I Get Along Without You

The city seen from the Queensboro Bridge is always the city seen for the first time, in its first wild promise of all the mystery and the beauty in the world.
-F. Scott Fitzgerald, The Great Gatsby

That line leapt out at me when I had the privilege of seeing Elevator Repair Service’s Gatz at The Public last week. In it, ERS performs the entire text of The Great Gatsby. It’s an eight hour evening altogether and I’d sit through it again right now if I could. While I was watching, I shifted between getting swept up in the performances and marveling at the text itself, the gorgeous glittering sentences.

That particular line sums up the way I always feel when I’m taking a cab into the city from JFK. On the one hand, I’ve seen it a million times before. On the other, it’s always new. I’m always a little girl, looking at the New York skyline and wondering what magical possibility is there waiting for me.

In an hour, I head home to my boys. I miss them something awful and at the same time, I have enjoyed the big lonely bed and the experience of waking up and facing no immediate responsibility other than getting some caffeine in my system. I admit that part of me longs for the freedom I used to have, even as I’m living a pretty free kind of moment. It seems a waste of a beautiful morning, this longing. But nevertheless, there it is.

We’re doomed to be like sailors. We survive months at sea, driven only by thoughts of home. Not long after we finally reach shore, we find ourselves gazing at the ocean again. But none of this gazing negates the fact that my family gives me all I’ve ever known of any real kind of happiness. So now I gladly go pack my suitcase to return to the chaos that almost certainly awaits me.

It’s been a wonderful trip, overall. There were stories told and words read and meetings had and dinners eaten and babies cuddled. There were late nights crying with old friends and late lunches at Barney’s (best people watching in all of New York). All the stuff I’d never do at home. Plus, a friend of mine must have bribed the president, because he somehow scored tickets for us to The Book of Mormon and I’m certain it’s the funniest show ever written.

I’m always sad to leave. I always can’t wait to get home.

Here’s my perfect soundtrack for a midnight ride over the Brooklyn Bridge. I get along without New York just fine- except perhaps in spring…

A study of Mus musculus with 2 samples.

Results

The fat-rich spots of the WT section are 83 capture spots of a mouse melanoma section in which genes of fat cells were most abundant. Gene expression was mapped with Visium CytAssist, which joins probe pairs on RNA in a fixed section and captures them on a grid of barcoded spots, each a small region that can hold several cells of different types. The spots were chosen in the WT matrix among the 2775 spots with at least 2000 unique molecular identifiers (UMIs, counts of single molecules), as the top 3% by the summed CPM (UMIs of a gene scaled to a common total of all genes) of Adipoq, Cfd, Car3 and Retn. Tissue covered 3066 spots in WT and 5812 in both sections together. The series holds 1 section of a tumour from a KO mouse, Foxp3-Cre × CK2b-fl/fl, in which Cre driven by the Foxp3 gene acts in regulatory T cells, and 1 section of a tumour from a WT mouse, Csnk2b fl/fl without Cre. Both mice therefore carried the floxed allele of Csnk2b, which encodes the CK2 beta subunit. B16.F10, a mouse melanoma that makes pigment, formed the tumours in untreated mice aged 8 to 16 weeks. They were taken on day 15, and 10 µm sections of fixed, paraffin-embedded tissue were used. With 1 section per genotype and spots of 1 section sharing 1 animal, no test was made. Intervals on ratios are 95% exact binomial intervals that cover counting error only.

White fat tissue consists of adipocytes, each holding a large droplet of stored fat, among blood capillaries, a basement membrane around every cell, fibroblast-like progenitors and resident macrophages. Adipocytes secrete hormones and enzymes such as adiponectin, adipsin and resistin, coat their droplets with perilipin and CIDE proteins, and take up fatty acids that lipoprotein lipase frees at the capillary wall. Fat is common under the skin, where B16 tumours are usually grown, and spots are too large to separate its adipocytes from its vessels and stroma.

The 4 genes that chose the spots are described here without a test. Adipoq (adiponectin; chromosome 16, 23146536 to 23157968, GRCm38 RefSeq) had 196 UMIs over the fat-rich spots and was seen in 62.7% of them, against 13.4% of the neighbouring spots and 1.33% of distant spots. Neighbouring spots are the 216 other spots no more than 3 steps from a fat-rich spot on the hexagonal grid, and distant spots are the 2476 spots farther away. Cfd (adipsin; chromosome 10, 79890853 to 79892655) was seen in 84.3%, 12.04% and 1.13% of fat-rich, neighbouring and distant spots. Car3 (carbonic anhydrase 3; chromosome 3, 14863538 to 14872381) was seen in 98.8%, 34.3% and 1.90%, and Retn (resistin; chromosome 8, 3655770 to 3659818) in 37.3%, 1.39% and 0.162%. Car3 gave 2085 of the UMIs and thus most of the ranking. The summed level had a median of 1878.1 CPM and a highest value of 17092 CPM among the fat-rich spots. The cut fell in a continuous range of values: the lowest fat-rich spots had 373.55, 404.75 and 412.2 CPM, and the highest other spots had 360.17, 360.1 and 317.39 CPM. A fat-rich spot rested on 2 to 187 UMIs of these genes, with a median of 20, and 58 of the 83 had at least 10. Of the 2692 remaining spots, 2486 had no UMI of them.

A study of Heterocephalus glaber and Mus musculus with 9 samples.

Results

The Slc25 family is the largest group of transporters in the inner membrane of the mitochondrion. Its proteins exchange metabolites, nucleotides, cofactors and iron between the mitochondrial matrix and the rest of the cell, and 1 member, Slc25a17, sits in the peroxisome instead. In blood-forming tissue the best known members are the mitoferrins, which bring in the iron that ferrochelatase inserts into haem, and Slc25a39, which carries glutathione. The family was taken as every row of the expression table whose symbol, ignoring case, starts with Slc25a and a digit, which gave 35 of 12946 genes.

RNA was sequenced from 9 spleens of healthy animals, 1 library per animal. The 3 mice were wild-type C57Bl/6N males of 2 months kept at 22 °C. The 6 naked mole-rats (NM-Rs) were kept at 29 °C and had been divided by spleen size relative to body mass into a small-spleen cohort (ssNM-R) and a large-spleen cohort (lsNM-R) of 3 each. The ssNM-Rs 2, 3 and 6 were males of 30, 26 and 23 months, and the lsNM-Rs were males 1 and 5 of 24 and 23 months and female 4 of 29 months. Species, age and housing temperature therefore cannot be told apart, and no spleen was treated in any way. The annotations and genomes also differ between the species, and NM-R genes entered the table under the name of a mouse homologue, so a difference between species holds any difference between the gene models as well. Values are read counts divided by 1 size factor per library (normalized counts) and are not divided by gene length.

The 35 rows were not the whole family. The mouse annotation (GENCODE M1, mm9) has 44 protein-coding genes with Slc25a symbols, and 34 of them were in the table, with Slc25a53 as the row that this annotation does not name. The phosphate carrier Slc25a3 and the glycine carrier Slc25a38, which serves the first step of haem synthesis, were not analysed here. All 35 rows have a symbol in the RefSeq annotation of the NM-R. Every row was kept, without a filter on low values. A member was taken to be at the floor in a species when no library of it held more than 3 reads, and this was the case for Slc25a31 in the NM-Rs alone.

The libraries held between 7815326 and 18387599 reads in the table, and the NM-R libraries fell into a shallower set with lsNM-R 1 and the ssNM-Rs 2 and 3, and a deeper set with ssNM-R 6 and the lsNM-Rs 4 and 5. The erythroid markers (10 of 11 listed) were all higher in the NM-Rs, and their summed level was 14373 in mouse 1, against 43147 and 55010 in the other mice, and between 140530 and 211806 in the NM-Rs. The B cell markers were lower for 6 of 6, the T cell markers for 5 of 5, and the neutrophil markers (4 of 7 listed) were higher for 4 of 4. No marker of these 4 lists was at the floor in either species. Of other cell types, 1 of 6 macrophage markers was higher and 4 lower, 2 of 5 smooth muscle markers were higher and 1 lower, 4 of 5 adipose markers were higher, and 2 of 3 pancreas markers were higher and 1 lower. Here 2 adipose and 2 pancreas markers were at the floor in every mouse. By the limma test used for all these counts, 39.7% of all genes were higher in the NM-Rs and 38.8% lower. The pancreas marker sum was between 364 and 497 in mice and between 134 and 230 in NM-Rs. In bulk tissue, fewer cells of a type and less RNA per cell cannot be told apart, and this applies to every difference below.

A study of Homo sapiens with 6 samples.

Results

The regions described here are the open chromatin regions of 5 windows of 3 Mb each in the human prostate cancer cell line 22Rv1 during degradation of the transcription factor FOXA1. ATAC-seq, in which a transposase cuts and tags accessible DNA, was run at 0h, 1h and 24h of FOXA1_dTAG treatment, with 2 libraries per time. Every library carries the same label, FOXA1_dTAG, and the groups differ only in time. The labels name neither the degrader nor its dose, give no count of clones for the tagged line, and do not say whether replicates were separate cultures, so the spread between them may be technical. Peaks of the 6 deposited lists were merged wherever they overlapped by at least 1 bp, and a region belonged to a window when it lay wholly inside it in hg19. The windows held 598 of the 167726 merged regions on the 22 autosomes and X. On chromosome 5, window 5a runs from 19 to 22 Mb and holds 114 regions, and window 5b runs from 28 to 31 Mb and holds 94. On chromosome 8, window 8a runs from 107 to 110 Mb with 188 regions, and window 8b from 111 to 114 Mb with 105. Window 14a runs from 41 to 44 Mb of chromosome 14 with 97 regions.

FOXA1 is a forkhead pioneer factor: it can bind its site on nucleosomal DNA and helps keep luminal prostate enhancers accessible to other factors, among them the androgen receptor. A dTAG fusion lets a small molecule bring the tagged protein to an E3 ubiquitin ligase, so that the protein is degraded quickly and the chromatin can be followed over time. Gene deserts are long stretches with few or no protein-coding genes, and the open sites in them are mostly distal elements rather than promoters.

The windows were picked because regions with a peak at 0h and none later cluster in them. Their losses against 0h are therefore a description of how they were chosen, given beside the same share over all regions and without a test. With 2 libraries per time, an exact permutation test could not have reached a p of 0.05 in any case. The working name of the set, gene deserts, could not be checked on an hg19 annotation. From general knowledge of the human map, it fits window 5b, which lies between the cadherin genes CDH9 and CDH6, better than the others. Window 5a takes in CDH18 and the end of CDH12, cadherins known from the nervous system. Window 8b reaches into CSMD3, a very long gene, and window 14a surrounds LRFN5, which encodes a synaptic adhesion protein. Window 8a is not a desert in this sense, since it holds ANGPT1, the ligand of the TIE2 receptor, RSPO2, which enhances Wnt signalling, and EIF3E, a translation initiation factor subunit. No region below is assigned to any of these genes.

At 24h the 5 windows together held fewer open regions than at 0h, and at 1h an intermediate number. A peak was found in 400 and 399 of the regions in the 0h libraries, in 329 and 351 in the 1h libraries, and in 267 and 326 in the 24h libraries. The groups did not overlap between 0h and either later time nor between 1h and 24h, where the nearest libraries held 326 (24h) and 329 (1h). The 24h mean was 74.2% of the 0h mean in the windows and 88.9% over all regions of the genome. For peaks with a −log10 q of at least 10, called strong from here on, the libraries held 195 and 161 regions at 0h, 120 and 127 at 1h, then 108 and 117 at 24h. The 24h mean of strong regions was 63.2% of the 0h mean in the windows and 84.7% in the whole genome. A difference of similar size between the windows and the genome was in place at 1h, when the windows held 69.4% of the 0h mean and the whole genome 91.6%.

1. There’s just something about Mew York City, a quality that other cities emulate but can never completely recreate. Walking down the streets of Manhattan, I somehow feel more alive, as if there’s a current that runs beneath the sidewalk that recharges me when my foot hits the pavement. I would move there in a minute if I could, but my husband is adamant that he will never set foot in New York City – the one big disappointment in my marriage.

  2. Oh..this song is just breathtaking. As are your last few posts in the month of May. Just catching up and it seems there is a bit of puzzle that just needs a few more pieces to become complete..perhaps a children’s book from a Mama..A Wild Kinda Mama like you!? Something is happening for ya…I can’t wait to see what it is.

  3. I have a hard time believing that a play about the Book of Mormon could be funny…oh obviously its being mocked and portrayed incorrectly. I just want you to know it is the single most sacred beautiful life changing book written by prophets through out history protected by God and given to Joseph Smith to be translated for the benefit of the people in our day. It is true and fits with the Bible as another testament of Jesus christ. It saddens and offends me at a very personal level that someone wouldst take such a sacred and personal text and make light of it. Talk about casting pearls before swine. Before people indulge in such base entertainment I challenge them to read the book of mormon for themselves with an open heart and pray about it. It is true!

    • I actually think that the show did a remarkable job of being humorous but not mocking. I thought it was respectful (and I think that’s the official position of the Mormon Church as well- but don’t quote me on that) while still looking at the world with a critical and comedic eye. But thanks for sharing your perspective!

  4. P.s. I do have a sense of humor about things about our Utah mormon culture but get defensive when it comes to core sacred beliefs I hold.